Gallery visitors walked through art history
From Raphael to Mondrian: Art history ‘with a twist’! Lynne Robinson gave a walk-and-talk journey through the various influential movements in art history.
Lynne’s tour offered a unique insight from the perspective of someone who is an artist as well as an art historian.
She began by talking about the Renaissance, a movement which spanned between the 14th and 17th centuries in Europe. In this period subjects were typically portrayed in an idealistic way, from rural landscapes to the Madonna, while the use of iconography hinted at multiple layers of meanings. Significant technical features in Renaissance paintings included symmetry and harmony, and the ideal of everything fitting into a perfect triangle. Lynne pointed out these features reflected in Julie Whyman’s Sharing Secrets —a painting capturing the intimate moment of a child’s friendship with the waxeye bird.
We then moved on to Realism, which is recognised as the first modern movement in art history. Artists rejected traditional forms of art and replaced idealistic or biblical images with real life events and depictions of modernity. Part of the Realism movement included photorealism, where the artist attempts to reproduce an image as realistically as possible. In the gallery Lynne recognised a couple of artists who specialise in this style, namely Jane Galloway and Grant Simpson.
Impressionism was where Lynne took us next, and there were plenty of examples in the gallery she could draw from — including Liz Hart’s Tranquil Journey or Mardi O’shea’s Ports of Call, where the artists create a loose impression of a subject rather than a defined depiction. Pioneered by Claude Monet, the Impressionists led a movement which was concerned more with form and light rather than realism.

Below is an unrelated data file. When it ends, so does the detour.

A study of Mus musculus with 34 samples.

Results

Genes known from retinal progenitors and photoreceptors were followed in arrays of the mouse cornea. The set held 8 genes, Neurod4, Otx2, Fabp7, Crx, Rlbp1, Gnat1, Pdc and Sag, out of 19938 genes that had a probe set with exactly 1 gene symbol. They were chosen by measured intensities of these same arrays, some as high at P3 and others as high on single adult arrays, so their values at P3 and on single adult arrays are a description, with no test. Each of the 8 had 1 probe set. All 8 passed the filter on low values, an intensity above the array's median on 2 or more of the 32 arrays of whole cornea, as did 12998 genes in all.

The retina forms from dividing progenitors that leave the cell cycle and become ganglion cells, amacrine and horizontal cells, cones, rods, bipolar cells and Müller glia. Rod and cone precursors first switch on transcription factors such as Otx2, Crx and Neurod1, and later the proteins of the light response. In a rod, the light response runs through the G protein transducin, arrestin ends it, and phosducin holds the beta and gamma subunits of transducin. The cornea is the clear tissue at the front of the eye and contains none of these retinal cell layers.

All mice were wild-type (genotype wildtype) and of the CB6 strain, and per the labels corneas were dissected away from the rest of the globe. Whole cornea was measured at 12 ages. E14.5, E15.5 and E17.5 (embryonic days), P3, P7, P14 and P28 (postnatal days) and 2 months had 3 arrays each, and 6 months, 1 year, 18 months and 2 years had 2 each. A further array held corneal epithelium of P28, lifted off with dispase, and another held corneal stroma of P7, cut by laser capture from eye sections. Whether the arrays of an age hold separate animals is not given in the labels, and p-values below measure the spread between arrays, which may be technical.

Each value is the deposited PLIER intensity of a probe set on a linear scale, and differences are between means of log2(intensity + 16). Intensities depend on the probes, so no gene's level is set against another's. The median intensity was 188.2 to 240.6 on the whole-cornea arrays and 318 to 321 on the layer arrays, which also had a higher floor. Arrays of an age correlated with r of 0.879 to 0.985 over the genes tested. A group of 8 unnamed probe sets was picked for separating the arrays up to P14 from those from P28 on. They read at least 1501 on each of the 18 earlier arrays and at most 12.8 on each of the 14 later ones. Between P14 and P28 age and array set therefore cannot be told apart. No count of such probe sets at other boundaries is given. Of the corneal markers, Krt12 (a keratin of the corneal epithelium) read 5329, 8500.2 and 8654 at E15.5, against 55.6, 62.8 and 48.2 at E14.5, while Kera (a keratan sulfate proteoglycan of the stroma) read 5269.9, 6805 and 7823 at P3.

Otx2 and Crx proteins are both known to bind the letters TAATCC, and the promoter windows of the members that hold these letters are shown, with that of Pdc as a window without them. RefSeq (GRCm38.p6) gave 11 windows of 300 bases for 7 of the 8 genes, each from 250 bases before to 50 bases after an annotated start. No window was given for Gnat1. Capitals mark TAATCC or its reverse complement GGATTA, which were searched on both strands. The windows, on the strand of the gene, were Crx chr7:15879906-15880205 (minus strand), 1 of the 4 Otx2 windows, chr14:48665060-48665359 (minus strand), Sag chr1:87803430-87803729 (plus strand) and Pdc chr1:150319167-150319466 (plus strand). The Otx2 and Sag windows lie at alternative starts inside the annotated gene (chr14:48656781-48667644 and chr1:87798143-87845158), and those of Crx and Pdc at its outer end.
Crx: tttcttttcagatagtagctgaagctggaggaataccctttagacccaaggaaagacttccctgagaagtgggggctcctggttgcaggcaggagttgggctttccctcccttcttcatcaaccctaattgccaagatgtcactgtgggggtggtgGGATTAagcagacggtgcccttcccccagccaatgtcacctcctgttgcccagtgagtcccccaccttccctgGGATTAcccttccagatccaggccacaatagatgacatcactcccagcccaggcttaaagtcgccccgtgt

Lynne then moved to Cubism, an early 20th century movement where subjects were broken up, analysed and reassembled in an abstracted form, depicted from many viewpoints simultaneously, rather than from a singular perspective. Developed by Pablo Picasso and Georges Braque, this style gives the impression of multiple viewpoints with distorted forms and ambiguous spatial relationships, exemplified in Stephanie Crisp’s use of collage in her Port Series, and also in Mischelle O’donnell’s Seagullible.
A lesser-known movement Lynne brought up was Japonisme, where European art was influenced by Japanese art. The techniques of Japanese printmaking were one the main sources of inspiration for Vincent Van Gogh, who became an avid collector of Japanese art. Lynne pointed out Joanne Mahoney’s original print Amaryllis Lily and Kay de Blaauw’s Ikebana Series as some examples of this movement.
Expressionism came next: originally in both poetry and painting, this movement presents the world from a subjective view, distorting it radically for emotional effect and to evoke specific moods or ideas. From the gallery Lynne drew comparisons to Dhyana Muir’s Walking Away, and Permission to Climb by Sharen Watson.
Lynne then directed the tour towards Abstraction, focusing in particular on the Russian artist and art theorist Kandinsky. Tidal Catch by Kate Madill Jones, Sunlit Trees by Wendy Walls and Boa Escalator by Kirsty Black were standout exemplars of this movement.
LYNNE Robinson gave an informative talk about contemporary masterpieces at The Little Gallery Whangamata.